Whatever stage I am at in training there are core principles that I will
Intensity and training to failure - Every workout needs to be of a sufficient
intensity to make a muscle grow. One way to acheive that level is to always
take a set to concentric muscular failure. I don't think there is any
reason in stopping once a particular number of repetitions has been reached.
As the last couple of repetitions of a set are the most productive it
is imperative to make those reps as difficult as possible, to a point
where another repetition using good form is physically impossible. This
way I know I have worked the muscle enough to send the right signals to
make it grow.
Use of advanced techniques - The use of straight sets are one way to
train. However there are certain advanced techniques that can be applied
to benefit different training stages. For example if I am at a stage that
I want to gain mass or strength I would use a technique such as rest -
pause, partial repetitions, negatives or assisted reps. If I want to lose
weight I would implement drop - sets, supersets, extended sets, slo -
mo, pre - exhaust, or giant sets. Further to this I would integrate different
rep speeds, rest periods, hand grips, body positions, rep ranges and exercise
selection as a way to applying intensity.
Using Correct Form - To make the most use of my energy reserves, training
time and recovery ability it is important that every effort is focused
on doing something that benefits growth. if I'm not pushing or pulling
a weight in the most advantageous manner then I am wasting energy doing
something that is of little to no advantage, or worse putting myself in
a position where I could be injured. Therefore I try my utmost to avoid
using momentum and leverage to move a weight and instead focus on using
the muscle to complete an exercise.
Constant tension - Following on from the last point, it is important
to make sure that the muscle is actually working at all times during an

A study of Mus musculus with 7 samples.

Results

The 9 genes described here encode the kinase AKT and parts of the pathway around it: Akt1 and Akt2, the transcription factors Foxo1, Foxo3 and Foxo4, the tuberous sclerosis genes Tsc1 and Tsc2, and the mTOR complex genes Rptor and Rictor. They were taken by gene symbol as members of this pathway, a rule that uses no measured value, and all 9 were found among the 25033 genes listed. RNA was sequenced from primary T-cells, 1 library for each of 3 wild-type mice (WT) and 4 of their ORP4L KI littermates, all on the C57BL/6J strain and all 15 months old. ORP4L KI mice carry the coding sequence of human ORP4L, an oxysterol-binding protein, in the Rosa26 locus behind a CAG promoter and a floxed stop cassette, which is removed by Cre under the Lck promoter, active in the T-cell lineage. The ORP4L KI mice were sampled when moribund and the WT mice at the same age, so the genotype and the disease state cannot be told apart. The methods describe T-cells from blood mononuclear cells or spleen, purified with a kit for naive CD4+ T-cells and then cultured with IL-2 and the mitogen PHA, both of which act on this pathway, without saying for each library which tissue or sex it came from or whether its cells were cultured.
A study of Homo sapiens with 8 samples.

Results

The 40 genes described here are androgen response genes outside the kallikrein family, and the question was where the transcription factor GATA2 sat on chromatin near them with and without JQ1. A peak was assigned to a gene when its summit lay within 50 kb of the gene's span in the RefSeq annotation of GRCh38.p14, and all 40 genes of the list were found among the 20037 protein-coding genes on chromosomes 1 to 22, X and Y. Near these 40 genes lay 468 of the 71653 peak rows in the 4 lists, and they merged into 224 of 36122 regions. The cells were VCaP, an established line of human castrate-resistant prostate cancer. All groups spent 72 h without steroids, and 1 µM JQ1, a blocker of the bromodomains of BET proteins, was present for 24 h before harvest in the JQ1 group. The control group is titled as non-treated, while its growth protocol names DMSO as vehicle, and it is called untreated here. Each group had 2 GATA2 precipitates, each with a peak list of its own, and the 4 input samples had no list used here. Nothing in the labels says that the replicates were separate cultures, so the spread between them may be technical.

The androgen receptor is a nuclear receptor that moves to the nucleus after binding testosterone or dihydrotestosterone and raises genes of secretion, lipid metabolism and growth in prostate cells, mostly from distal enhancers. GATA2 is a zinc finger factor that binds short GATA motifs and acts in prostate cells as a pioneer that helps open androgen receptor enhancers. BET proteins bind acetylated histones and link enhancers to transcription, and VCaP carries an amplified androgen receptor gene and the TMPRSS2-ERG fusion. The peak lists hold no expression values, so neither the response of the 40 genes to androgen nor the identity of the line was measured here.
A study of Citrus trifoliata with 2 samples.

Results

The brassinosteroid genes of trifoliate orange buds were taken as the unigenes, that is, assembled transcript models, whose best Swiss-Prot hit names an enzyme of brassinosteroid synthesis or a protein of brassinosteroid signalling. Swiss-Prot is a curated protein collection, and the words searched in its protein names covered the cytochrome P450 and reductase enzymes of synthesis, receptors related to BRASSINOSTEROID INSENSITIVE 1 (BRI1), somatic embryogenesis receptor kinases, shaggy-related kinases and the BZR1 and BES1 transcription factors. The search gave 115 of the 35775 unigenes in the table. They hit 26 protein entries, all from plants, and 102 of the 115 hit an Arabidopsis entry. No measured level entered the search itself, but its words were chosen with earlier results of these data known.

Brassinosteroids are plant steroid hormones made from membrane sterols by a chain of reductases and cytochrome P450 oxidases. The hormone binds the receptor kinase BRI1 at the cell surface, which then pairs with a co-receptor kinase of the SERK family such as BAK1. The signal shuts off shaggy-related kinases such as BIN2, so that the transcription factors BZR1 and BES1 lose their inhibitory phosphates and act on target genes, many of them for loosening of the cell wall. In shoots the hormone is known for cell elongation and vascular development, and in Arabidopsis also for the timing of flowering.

exercise. For this to happen the muscle must be kept taught and under
continous tension throughtout the positive and negative phases of an exercise.
Which means I tense the muscle at the top of the movement and I don't
lock out the joint at the bottom. Occasionaly with a lighter weight I
will lock out just to put the muscle through its full Range Of Motion
Brief and Intense - I don't believe in volume training, for one thing
if you a natural weightlifter you will only have a limited amount of resources
available for recovery. Another fact is that the growth hormone produced
in any workout stops after 45 minutes so any longer than that I feel moves
into overtraining. I prefer to keep intensity levels high by letting my
energy levels dictate the length of the training session. I'd rather complete
several short workouts than train for over an hour as this is counter
Cardiovascular training - Although frequenty workouts especially those
that involve short rest periods will benefit the cardio vascular system,
they are not a substitute. I feel that not only does cardio benefit weight
loss but training this system helps to with breathing during weight lifiting
and helps to extend exercise endurance, strength and stamina.
Constantly changing routines - I change a routine every 6 - 8 weeks
or less even if I think that I am making good progress from a particular
exercise. Training quickly becomes monotonous if I do the same things
all the time and it is important to work a muscle using different exercises
to work all of the muscle fibres.
Working a muscle from all angles - Any particular exercise will work
a muscle overall. Using similar exercises will focus on specific areas
of that muscle to develop specific areas of a muscle for example - inner
/ outer biceps, upper / lower pectorals, or any of the multiple muscles
that go to making up a particular muscle.
Progressive Overload - I make a constant to increase the weight on an
exercise where I can. This doesn't mean that I will train using my heaviest
weights all of the time, I would cycle through phases of lifting heavy
then alternating with using lighter weights, but I will conatantly need
to challenge my body to initiate the neccessary stimulus for growth.
Different reps schemes - It is neccessary to employ different repetition
ranges because different types of muscle fibres respond to higher or lower
reps. I would either incorporate different rep ranges in a workout or
use periodisation to move from phases of low and high reps.
Instinctive training - Taking all of the above and years of experience
into account will inevitably mean that I will train by instinct to do
what works for me. I will constantly assess and re - assess all of my
knowledge of training and dieting to focus on developing weaker body parts.